Her elder brother, Prince George, aged four, will be a pageboy alongside three other young boys.
So far, the details of the bridesmaids' dresses and the pageboys' uniforms remain under wraps.
Ms Markle, 36, will not have a maid of honour as she wanted to avoid choosing just one of her closest friends.
As well as his niece and nephew, Prince Harry has picked three godchildren - three-year-old Florence van Cutsem, two year-old Zalie Warren and Jasper Dyer, six - to have starring roles on his big day.
Jasper is the son of Prince Harry's close friend Mark Dyer, a former royal equerry to Prince Charles, who supported Harry after the death of his mother, Princess Diana.
The pair travelled together on Harry's gap year and Mr Dyer inspired the prince's charity work in Lesotho, Africa.
Ms Markle's goddaughters, Remi Litt, six, and her elder sister, Rylan, seven, will also be joining the procession of bridesmaids.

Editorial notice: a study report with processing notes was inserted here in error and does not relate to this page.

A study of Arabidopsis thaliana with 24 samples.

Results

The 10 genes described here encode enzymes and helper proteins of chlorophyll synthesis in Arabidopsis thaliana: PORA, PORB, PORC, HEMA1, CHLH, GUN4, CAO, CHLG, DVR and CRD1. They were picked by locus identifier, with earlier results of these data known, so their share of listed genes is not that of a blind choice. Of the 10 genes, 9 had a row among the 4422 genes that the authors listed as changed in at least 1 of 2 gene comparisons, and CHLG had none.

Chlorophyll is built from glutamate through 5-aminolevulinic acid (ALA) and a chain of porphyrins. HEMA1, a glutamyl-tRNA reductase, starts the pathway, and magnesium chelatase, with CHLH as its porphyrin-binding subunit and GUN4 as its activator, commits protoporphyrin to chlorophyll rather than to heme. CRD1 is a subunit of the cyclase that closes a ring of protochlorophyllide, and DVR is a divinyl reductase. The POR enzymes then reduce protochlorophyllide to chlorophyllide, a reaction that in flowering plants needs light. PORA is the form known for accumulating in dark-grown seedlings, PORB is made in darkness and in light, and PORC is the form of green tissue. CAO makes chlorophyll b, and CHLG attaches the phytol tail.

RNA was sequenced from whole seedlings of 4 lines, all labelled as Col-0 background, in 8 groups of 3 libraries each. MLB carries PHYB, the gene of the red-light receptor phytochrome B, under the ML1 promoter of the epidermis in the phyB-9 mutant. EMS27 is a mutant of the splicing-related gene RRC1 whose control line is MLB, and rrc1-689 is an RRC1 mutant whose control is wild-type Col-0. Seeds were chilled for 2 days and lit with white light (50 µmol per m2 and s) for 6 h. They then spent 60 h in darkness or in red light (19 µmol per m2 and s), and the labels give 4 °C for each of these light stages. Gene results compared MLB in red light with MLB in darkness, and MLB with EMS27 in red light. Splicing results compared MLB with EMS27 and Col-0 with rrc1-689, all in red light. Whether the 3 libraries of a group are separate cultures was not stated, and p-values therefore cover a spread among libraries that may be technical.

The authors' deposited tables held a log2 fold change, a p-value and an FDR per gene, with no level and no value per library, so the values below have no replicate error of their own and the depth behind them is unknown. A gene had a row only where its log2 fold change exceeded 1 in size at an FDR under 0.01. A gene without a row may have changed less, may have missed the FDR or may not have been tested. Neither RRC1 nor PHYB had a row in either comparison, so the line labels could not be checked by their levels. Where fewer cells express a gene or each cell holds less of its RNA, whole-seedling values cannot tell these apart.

And the three children of one of her best friends, Jessica Mulroney - Ivy, four, and seven-year-old twins Brian and John - will complete the picture.
Jessica, a stylist, is married to Ben Mulroney, a Canadian TV host and son of former Canadian prime minister, Brian Mulroney.
She was photographed arriving at Heathrow Airport with her family on Tuesday night.
Prince George, the son of the Duke and Duchess of Cambridge, will have experience to lean on - he was pageboy at his aunt Pippa Middleton's wedding to James Matthews last May.
His sister, Charlotte, a bridesmaid at her aunt's wedding, recently showed she was undaunted by the limelight when she visited her little brother, Prince Louis, at hospital after his birth.
With the world's cameras trained on her, she seemed to enjoy the attention, waving sweetly and smiling at the bank of photographers.
Meanwhile, a petition organised by campaign group Republic has been handed to MPs.
Signed by 32,000 people, the petition calls on MPs to make the Royal Family pay for the security and policing surrounding Saturday's wedding and for the government to publish a report of all costs to taxpayers.
Republic chief executive Graham Smith said: "There is nothing inevitable about the public spending on a royal wedding. If the royals don't want to pay a big security bill they could have had a private wedding in Sandringham or Balmoral."